Harry Gallagher’s life in swimming began inauspiciously. He taught himself to swim so as to save himself from drowning, having fallen in a filthy, polluted river in Sydney. He went on to become one of Australia’s most astute and successful swimming coaches and is credited with first recognising Dawn Fraser’s swimming potential.
Gallagher became a swimming coach by chance in the army, teaching his comrades how to save themselves in the slurries and flurries up in the tropics, because most of the soldiers he was with couldn’t swim.
Working with exercise physiologists as early as 1953, Gallagher went on to coach some of the biggest names in Australian swimming, including Dawn Fraser, Jon Henricks, Lorraine Crapp, Michael Wendon, Brad Cooper, and Lyn McClements among others. He coached the 100m gold medallist at four successive Olympics to amass a total of nine gold, six silver and three bronze Olympic medals. Had the 50m and the 200m freestyle events been included in the Olympics, his total could have been many more. At the British Empire and Commonwealth Games his pupils won 12 gold, six silver, and three bronze medals. His pupils also went on to win 201 Australian titles and create 52 world records.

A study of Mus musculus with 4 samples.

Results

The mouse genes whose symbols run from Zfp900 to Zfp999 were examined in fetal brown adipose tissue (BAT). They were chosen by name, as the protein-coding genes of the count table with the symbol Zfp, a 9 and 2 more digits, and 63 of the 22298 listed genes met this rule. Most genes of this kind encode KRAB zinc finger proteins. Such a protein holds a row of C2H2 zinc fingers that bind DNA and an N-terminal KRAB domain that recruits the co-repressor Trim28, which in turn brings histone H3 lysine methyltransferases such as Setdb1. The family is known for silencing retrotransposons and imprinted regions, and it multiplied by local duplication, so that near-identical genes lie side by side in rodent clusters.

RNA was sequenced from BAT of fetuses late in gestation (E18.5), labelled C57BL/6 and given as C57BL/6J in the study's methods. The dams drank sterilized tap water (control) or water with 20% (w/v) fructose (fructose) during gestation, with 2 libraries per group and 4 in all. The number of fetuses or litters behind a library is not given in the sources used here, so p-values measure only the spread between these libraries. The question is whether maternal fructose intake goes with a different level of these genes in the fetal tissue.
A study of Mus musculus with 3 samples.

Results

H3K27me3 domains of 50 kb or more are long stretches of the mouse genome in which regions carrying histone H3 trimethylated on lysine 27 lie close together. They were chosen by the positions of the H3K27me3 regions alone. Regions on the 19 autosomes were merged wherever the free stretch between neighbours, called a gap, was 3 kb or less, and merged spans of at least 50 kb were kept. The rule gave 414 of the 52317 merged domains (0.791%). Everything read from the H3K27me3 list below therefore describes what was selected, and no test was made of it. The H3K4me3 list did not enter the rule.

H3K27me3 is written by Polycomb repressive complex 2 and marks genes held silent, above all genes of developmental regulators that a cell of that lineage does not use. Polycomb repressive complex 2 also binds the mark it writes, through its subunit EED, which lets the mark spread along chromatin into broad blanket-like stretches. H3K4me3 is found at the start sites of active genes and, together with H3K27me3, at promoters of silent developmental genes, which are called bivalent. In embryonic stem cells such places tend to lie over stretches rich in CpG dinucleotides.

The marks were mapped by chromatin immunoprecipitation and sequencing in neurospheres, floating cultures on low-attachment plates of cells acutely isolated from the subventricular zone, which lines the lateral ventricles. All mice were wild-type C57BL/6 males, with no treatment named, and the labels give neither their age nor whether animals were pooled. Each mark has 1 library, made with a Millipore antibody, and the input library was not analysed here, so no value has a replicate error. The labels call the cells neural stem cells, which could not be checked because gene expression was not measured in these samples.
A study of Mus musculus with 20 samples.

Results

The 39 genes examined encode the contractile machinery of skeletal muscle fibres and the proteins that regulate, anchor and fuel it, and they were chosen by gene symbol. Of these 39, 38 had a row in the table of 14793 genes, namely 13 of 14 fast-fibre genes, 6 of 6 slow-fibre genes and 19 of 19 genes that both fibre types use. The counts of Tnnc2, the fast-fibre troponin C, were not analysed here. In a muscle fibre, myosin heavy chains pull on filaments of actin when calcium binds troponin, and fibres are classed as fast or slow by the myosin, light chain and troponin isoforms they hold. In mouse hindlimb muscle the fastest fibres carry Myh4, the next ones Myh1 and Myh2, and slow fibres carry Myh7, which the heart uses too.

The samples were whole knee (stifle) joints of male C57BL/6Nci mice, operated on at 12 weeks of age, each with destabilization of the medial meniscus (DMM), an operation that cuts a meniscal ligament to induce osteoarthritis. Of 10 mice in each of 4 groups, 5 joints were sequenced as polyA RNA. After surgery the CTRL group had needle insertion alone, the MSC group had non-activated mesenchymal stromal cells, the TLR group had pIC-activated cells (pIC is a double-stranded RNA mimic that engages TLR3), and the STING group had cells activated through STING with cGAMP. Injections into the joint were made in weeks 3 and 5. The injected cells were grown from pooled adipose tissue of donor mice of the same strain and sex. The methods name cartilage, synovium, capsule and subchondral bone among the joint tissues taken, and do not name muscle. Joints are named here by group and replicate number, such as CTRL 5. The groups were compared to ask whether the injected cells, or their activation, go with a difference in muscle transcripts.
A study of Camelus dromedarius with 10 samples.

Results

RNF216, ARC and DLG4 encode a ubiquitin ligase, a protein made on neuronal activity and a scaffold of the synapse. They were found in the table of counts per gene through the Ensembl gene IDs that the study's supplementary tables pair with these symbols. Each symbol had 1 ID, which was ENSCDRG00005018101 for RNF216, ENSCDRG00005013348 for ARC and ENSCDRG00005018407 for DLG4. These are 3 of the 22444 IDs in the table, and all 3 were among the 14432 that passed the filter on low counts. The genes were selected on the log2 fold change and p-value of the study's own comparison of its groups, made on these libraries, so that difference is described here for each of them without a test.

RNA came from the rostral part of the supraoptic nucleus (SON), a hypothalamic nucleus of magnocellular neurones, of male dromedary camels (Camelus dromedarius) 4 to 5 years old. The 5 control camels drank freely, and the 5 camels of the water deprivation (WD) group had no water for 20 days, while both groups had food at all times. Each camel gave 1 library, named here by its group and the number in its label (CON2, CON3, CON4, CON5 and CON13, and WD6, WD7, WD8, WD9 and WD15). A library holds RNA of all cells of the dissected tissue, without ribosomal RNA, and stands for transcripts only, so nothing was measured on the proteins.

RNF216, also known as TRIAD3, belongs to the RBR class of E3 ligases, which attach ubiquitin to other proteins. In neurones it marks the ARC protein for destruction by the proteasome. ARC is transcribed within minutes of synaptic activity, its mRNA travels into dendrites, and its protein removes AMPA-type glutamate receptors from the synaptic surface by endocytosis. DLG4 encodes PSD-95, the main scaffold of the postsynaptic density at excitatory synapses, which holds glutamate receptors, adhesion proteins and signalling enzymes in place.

Gallagher played a large role in Australia’s swimming success at the 1956 Melbourne Olympics and was the sole Australian swimming team coach at the 1968 Mexico City Olympics, where the Australian team, with an average age of 16, returned to Australia with world records and 17 medals, including many golds.
Gallagher was inducted into the International Swimming Hall of Fame at Fort Lauderdale in 1984 and in 1986, received the Medal of the Order of Australia (OAM) for his service to swimming.